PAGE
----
The UK government has announced plans to abolish “no-fault” evictions, which allow landlords to reclaim possession of their property from tenants without providing a reason. The Renters’ (Reform) Bill is set to be published later, three-and-a-half years after the government made a manifesto promise to tackle the issue.
The new bill will also grant tenants the legal right to request permission to keep pets in their homes. Landlords will be required to consider such requests and will not be able to unreasonably refuse. The government plans to establish an ombudsman to oversee dispute resolutions.
Impact on Tenants and Landlords
The bill will affect around 11 million tenants and two million landlords, according to the Department for Levelling Up, Housing and Communities. It will also make it easier for landlords to evict anti-social tenants, with reduced notice periods for “irresponsible” renters.
The proposed legislation will also make it illegal for landlords and agents to impose blanket bans on benefits claimants or families with children. Home quality standards will be applied to the private sector for the first time.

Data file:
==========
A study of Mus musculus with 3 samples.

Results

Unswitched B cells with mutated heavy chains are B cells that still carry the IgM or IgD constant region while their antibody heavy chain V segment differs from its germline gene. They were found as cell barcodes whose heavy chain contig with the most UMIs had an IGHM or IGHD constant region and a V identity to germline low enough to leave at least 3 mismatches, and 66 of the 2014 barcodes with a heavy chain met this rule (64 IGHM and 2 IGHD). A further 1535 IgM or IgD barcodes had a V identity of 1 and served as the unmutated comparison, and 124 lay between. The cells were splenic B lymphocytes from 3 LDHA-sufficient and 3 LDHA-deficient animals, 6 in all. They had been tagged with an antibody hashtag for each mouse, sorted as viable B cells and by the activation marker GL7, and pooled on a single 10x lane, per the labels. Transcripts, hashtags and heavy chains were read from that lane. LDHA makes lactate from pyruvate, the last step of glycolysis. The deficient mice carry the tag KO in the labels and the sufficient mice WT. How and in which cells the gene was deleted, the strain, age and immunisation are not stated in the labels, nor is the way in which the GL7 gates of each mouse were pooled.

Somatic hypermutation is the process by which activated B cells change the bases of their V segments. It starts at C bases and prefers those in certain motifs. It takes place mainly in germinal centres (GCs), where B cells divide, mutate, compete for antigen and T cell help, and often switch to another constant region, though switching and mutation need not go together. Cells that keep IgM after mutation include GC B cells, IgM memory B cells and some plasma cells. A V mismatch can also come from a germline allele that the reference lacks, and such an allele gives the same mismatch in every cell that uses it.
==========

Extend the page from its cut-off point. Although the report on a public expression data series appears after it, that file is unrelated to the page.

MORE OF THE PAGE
Campaigners have welcomed the bill as a “once-in-a-generation” announcement. However, some have warned that property owners may still find ways to circumvent the new laws, such as using large rent hikes to force out unwanted tenants.
Dan Wilson Craw, acting director of Generation Rent, a campaign group, said that abolishing “no-fault” evictions would improve communication and trust between tenants and landlords. Battersea Cats and Dogs Home has said that the proposed law will reduce the number of animals being separated from their owners, while Dogs Trust believes the reforms could be a “potential gamechanger” for responsible dog owners who rent.
Siobhan Donnachie, spokeswoman for the London Renters Union, said that the bill was “long overdue” but warned that inflation-busting rent hikes could still make renters feel insecure. Lisa Nandy, the shadow housing secretary, has said that the Labour Party plans to introduce further measures, including a four-month notice period for landlords, a national register of landlords, and new rights for tenants to make alterations to their homes and request speedy repairs.